North Summit looks to rectify last season’s ending with a memorable campaign this year
The North Summit girls basketball team has no shortage of motivation this season.
After coming up just short in the postseason the two previous seasons, the Braves return with nothing less than a state championship on their mind.
“Last year in the semifinals was one of those games where we definitely had a chance to win and just didn’t,” said Jerre Holmes, North Summit coach. “It left a bitter taste in our mouths, and now we have several girls back who not only won’t forget that feeling, will make sure the others know about it. I’m hoping that will serve as plenty of motivation throughout the season.”
For Holmes, he won’t forget how the Braves’ season came to an end last year when they fell in the 2A playoffs to Kanab 58-49 in the semifinals but took third place by defeating Enterprise 55-44.
“The game came down to a couple of plays and I fell totally responsible for that loss,” Holmes said. “We were ahead with a few minutes to go but we lost our composure. What makes it so hard is that they weren’t necessarily a better team than us. … They were good but we could’ve won that game and now it’s something we’ve had to learn from.”
Helping Holmes and the Braves move on has been the return of the five seniors, the clear leaders of the team.
“I think what sets us apart this season is that we are excited to have a lot of experience back from last year,” Holmes said. “Practices are very competitive because we have five seniors and a good group of underclassmen to challenge each other in practice every day.”
Leading the way is senior Kennady McQueen, one of the top players in the state overall and a three-time all state honor recipient. The 5-foot-10 guard, who is committed to the University of Utah, checks in as the No. 60 recruit in ESPN’s Top 100.
“I have been so impressed with how she has developed into one of the best players in the country,” said Lynne Roberts, Utah women’s basketball head coach. “She is the type of player you don’t want to play against because she is competitive, athletic and can flat-out shoot the ball. She embodies what we want in a recruit with her toughness and competitiveness, and she has the talent.”
McQueen has been off to another fast start the season, averaging 19.6 points, 6.1 rebounds, 5.0 steals and 4.6 assists per game. Her ability to control the tempo and take care of details are the reason the Braves are off to an 8-0 start.
“She’s all about the team and she loves her teammates,” Holmes said of McQueen. ”She knows that she can’t win a state title alone, and so for her it is about the team. … While she is a phenomenal player, she knows that she needs four others out there.”
Among those other players Holmes was referencing includes senior forward Gracie Watterson, who’s averaging 10.1 points and 8.3 rebounds. Junior Hadley Richins is putting up 9.3 points and 3.6 assists and steals per game while sophomore Marci Richins is averaging 6.9 points and a team-high 10.4 rebounds per game.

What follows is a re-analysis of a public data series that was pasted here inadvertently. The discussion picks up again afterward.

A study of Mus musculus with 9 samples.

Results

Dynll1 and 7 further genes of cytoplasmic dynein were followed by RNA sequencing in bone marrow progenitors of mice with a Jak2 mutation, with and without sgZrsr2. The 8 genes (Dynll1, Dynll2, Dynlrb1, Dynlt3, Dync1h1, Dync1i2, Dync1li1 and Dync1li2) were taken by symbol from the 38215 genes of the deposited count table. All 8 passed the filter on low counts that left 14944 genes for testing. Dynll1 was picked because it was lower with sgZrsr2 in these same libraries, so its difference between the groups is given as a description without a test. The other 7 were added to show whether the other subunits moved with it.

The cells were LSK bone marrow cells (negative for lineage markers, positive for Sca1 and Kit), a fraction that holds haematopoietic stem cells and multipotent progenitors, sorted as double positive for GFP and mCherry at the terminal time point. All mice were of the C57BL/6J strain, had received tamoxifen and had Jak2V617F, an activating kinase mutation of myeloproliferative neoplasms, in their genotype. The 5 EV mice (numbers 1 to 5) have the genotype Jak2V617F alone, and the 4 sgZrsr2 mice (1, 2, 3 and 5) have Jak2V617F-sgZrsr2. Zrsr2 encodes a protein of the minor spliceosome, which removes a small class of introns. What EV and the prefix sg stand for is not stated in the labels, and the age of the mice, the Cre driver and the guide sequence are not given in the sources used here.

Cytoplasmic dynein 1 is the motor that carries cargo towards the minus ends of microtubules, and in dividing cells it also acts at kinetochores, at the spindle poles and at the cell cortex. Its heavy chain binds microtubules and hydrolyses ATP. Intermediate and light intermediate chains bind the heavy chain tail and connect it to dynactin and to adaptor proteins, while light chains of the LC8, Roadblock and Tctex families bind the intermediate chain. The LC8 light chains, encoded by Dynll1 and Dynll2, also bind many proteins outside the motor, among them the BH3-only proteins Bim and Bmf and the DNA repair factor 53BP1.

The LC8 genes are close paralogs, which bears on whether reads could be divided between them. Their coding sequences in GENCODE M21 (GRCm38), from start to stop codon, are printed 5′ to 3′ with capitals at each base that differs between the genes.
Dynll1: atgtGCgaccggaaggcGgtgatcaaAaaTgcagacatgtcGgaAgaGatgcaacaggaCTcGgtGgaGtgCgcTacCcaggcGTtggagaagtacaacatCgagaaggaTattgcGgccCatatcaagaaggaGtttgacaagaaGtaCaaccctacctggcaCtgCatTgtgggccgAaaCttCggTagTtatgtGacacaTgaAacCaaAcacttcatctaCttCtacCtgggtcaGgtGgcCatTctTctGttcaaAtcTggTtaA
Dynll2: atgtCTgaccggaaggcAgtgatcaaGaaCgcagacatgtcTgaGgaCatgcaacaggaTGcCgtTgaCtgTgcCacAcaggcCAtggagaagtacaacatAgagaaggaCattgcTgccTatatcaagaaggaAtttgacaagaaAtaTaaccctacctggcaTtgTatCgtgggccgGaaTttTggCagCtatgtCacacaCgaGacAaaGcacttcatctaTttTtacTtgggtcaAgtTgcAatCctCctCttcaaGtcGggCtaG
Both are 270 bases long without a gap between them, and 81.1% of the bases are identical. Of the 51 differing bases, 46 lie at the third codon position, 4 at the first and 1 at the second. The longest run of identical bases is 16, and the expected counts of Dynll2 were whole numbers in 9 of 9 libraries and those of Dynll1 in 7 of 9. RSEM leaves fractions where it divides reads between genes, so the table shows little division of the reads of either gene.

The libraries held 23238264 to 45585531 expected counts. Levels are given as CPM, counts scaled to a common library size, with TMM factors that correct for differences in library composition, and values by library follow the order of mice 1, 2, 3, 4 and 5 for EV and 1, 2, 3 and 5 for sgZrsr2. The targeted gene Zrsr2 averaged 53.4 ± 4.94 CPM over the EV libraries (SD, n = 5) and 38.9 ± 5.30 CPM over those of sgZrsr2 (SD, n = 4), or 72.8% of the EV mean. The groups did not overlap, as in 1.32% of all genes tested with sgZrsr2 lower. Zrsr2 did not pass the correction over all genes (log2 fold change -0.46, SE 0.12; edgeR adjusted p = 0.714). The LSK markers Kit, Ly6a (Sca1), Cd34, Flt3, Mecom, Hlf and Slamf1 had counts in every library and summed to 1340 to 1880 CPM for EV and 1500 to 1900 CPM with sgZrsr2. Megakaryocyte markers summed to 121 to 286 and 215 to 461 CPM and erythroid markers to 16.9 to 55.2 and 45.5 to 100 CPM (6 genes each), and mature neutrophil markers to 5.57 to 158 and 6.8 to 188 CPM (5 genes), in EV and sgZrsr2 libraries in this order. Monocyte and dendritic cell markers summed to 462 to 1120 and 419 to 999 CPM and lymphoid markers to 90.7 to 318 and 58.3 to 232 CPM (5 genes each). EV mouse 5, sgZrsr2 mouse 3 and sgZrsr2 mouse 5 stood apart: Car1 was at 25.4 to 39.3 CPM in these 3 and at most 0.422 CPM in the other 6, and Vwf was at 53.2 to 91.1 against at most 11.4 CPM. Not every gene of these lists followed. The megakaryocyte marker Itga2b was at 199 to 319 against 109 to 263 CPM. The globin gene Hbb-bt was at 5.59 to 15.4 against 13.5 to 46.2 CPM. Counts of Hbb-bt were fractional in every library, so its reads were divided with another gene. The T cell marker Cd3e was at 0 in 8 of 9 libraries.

According to Holmes, what makes this group of players special is their attention to detail. All of them, including McQueen, are more than happy to the dirty work, diving on the ground for loose balls or that extra hustle to extend a play.
“We really try to promote the team aspect and we expect them all to be like that,” Holmes said. “Them doing all of those intangibles, I really think it’s a product of the community that they live where they aren’t afraid to get down and dirty and do work. We don’t have a lazy player on the team. … they’re all energetic, ambitious and aggressive because the games are too short to not give a full effort for 32 minutes.”
Despite the undefeated start to the season, including victories over Juab and 3A Judge Memorial, Holmes says the Braves are a ways away from reaching their full potential, let alone their goal.
Fine tuning some things on both the offensive and defensive sides of the ball will be essential if North Summit is going to make a run at the state title, according to Holmes.
“We still got a lot of things to iron out, which I’m really glad about because I’d hate to peak this early because I don’t think that’s sustainable throughout the season,” Holmes said. “Offensively we need to find more consistency, cut down our turnovers and make more free throws. Defensively, we are still trying to find our identity. … I want that to fit our personnel and once we get that dialed in, we’ll be tough to stop.”
With so much to still work on, Holmes admits that the team has yet to discuss what happened last year. While he doesn’t see the point in bringing it up this early in the season, the girls are all well aware of what hasn’t been said and are working to rectify that.
“There’s no point to talk about it because it’s in the past and we can’t change it,” Holmes said. “Our sights are set on trying to win a state title this year. … And while I’m sure that there will come a day when it’s brought up, we are continuing to look forward. We aren’t done learning from the past, but we are also focused on getting better each day and moving forward.”